The Low Pay Commission’s 2019 recommendations complete the path originally set out in 2015.
The Low Pay Commission (LPC) today publishes its 2019 recommendations on the National Living Wage (NLW) and National Minimum Wage (NMW) and a summary of its 2019 findings, covering our analysis of the impact of the 2019 rates and the evidence for our recommendations for rates from April 2020.
The acceptance of the LPC’s recommendations means achieving the goal originally announced by the Government in 2015, of raising the NLW to 60 per cent of median earnings. The Chancellor has indicated he will set a further target of two-thirds of median earnings by 2024.
Bryan Sanderson, Chair of the Low Pay Commission, said:
“The NLW has been an ambitious long-term intervention in the labour market. The rate has increased faster than inflation, faster than average earnings and faster than most international comparators. This has raised pay for millions without costing jobs, although employers have had to make a variety of other adjustments to deal with the increases.
“Our recommendations on the NLW are conditioned on sustained economic growth, and this bar was more narrowly reached than in previous years. Nevertheless, the economy has continued to grow and the labour market has performed well overall.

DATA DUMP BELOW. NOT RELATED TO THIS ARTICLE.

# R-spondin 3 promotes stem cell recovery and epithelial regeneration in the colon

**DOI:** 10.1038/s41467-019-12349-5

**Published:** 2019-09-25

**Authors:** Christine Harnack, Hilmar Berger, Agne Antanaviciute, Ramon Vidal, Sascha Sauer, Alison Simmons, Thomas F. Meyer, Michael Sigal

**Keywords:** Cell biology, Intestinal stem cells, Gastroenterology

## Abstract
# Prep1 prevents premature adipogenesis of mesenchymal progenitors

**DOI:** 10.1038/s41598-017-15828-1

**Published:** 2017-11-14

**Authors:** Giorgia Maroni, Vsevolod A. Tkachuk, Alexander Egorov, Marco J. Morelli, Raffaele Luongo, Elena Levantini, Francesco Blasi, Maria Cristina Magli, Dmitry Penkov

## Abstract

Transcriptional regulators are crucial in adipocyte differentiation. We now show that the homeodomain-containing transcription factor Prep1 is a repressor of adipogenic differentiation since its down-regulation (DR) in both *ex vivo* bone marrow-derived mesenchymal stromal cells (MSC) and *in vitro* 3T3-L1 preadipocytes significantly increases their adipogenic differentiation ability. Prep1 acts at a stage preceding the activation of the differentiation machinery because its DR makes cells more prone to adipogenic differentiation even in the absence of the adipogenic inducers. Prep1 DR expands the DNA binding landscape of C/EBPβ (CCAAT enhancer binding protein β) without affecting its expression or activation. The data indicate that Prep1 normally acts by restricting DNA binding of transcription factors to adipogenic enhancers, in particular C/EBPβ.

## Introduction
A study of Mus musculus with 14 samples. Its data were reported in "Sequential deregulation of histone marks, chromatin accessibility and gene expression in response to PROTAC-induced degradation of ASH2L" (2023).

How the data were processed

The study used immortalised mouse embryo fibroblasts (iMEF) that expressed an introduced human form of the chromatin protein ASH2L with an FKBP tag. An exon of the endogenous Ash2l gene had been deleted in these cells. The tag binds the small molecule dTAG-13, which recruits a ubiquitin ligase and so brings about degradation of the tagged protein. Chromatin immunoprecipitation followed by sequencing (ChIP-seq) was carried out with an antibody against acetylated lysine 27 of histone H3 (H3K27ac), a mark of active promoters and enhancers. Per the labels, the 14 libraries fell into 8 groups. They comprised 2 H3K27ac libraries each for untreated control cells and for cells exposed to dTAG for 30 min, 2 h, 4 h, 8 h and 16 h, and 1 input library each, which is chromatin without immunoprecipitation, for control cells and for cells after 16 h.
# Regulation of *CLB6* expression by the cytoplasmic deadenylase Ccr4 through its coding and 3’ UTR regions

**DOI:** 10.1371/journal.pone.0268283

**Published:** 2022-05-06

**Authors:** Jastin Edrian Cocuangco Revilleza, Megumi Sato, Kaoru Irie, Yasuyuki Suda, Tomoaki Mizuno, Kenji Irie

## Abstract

“The Chancellor’s intentions for the next phase of the NLW will mean further ambitious increases. We will continue to keep a close eye on the evidence and to report to the Government on the challenges this involves.”
The LPC’s recommendations comprised:
|Rate from April 2019||Rate from April 2020||Increase|
|National Living Wage||£8.21||£8.72||6.2%|
|21-24 Year Old Rate||£7.70||£8.20||6.5%|
|18-20 Year Old Rate||£6.15||£6.45||4.9%|
|16-17 Year Old Rate||£4.35||£4.55||4.6%|
The April 2019 increase in the NLW directly raised pay for around 1.6 million workers in 2019. Overall, the number of workers paid at the rate has remained stable since 2017.
While in recent years NLW workers have done better than their counterparts paid above the rate, this year there was strong pay growth across the bottom two-fifths of the distribution. This suggests employers have taken measures to preserve pay differentials, changed their workforce structures or simply raised pay to compete with other firms.
Average weekly pay for NLW workers grew faster than for most other groups between 2018 and 2019, as these individuals typically worked more hours. This marks a change from previous years, when increases in the NLW had a weaker effect on workers’ weekly pay and therefore on living standards.
This year’s recommendations for younger workers are higher than in 2018, reflecting the strong pay growth and stable overall employment levels for these groups. This will be the final year in which the NLW will apply to workers aged 25 and over, with the age threshold coming down to 23 in 2021 and to 21 by 2024.